Properly handling a cast iron skillet is one of many classic American cooking techniques. For many years, all pans were made of cast iron, but they fell out of fashion when readymade nonstick pans took over the kitchen. However, cast iron skillets have benefits that there more modern counterparts lack. Cast iron skillets not only retain heat better, but also reduce risk of being exposed to harmful fumes or debris from modern day nonstick pans. Another benefit is that metal utensils can be used with cast irons without any fear of scratching away bits of the material. These classic cooking vessels have seen a resurgence in contemporary American cuisine. Cast iron skillets require little upkeep, but there are rules to ensuring your pan stays a permanent fixture of your kitchen. Here are some tips for taking care of your cast iron skillet:
When you purchase a cast iron skillet, it is first essential to properly season it. Though some cast irons come pre-seasoned, most of them need to be coated to create a nonstick surface. First wash out the cast iron with hot water. Never use dish soap, as it will damage the pan. Preheat your oven to 350 degrees. Coat the skillet with cooking oil to create a nonstick barrier and then place it in the oven for an hour. This will allow the oil to break down and coat the pan, helping to make it nonstick and prevent it from rusting. When you remove the skillet, dab it off with paper towels and let it cool. Occasionally pans need to be reseasoned.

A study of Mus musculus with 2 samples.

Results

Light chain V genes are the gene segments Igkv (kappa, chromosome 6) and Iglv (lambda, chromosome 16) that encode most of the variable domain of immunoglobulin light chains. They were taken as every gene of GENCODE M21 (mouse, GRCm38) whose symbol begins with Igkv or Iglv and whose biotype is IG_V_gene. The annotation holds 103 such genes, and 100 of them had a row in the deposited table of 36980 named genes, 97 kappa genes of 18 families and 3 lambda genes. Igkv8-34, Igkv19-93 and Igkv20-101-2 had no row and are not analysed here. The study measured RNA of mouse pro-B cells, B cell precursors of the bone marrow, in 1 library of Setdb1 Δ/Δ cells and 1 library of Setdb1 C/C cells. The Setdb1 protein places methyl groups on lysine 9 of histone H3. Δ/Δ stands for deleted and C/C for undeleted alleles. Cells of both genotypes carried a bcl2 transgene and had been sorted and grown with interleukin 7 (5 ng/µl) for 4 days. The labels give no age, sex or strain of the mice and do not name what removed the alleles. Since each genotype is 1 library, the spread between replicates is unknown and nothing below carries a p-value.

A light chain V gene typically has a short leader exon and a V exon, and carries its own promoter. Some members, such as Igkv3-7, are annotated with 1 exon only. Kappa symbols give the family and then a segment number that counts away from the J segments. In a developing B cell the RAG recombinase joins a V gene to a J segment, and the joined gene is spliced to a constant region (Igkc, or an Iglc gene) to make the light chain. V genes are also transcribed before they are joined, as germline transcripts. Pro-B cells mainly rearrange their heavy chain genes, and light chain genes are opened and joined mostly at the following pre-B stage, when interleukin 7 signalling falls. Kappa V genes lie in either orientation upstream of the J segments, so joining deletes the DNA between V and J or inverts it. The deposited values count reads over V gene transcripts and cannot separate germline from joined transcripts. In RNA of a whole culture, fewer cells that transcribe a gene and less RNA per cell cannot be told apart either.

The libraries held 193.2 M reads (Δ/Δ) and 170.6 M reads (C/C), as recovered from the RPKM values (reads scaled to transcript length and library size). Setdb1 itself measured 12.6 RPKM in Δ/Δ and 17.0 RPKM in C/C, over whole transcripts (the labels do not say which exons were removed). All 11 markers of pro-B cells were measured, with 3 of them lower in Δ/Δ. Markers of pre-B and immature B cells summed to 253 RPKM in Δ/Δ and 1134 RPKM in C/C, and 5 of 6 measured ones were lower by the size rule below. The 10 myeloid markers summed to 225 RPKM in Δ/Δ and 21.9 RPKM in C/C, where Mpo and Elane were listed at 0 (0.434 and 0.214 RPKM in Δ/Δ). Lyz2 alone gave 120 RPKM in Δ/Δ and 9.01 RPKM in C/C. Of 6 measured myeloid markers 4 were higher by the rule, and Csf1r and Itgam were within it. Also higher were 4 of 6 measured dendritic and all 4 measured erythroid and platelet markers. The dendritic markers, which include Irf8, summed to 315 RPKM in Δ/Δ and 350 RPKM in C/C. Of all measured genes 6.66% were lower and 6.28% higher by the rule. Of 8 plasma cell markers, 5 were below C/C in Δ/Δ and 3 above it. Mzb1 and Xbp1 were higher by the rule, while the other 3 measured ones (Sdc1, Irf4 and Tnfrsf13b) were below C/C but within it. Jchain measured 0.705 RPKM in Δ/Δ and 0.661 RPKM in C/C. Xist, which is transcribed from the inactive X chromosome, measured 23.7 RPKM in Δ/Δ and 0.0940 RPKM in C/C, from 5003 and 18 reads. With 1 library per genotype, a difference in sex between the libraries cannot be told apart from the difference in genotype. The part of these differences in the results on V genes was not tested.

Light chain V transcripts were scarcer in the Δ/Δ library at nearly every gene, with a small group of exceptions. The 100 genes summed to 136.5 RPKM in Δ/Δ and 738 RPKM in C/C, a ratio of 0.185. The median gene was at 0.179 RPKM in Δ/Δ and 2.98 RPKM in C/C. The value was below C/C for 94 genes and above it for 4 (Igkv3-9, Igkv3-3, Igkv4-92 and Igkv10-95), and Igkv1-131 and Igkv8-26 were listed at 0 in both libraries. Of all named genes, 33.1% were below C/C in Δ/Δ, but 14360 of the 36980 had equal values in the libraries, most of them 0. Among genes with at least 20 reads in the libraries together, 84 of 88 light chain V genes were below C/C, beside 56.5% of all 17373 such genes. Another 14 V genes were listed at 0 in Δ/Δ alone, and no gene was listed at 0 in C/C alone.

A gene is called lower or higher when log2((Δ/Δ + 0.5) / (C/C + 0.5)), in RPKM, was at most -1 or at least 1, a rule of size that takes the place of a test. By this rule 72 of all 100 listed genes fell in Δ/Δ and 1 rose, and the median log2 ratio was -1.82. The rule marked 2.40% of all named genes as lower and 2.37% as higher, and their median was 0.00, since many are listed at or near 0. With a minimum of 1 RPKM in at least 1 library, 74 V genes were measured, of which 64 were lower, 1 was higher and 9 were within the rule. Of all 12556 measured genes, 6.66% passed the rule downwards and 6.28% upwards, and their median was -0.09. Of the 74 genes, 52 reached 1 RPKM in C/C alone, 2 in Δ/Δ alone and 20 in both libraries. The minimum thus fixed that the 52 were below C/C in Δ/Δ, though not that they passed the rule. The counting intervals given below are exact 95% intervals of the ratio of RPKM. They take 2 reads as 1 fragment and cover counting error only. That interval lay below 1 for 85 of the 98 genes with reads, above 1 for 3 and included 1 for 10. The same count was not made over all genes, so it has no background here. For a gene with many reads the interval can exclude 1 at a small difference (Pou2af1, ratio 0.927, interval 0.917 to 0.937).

Cast iron skillets need to be cleaned immediately after use and should never be left to air dry. Any water left to evaporate will likely leave rust spots. Don’t ever put a cast iron in the dishwasher or clean it with steel wool. This may sound like a lot of specific rules, but cast irons are easily cleaned with hot water and paper towels. Salt can be used to help scour the surface. Cast iron skillets can essentially last forever when cleaned properly.
Remember to use a hot pad or dry towel when picking up your cast iron skillet, as the handle will get extremely hot. When using metal utensils, try not to scrape the pan too hard as it may scratch away at the seasoning (though these utensils will not damage the pan itself).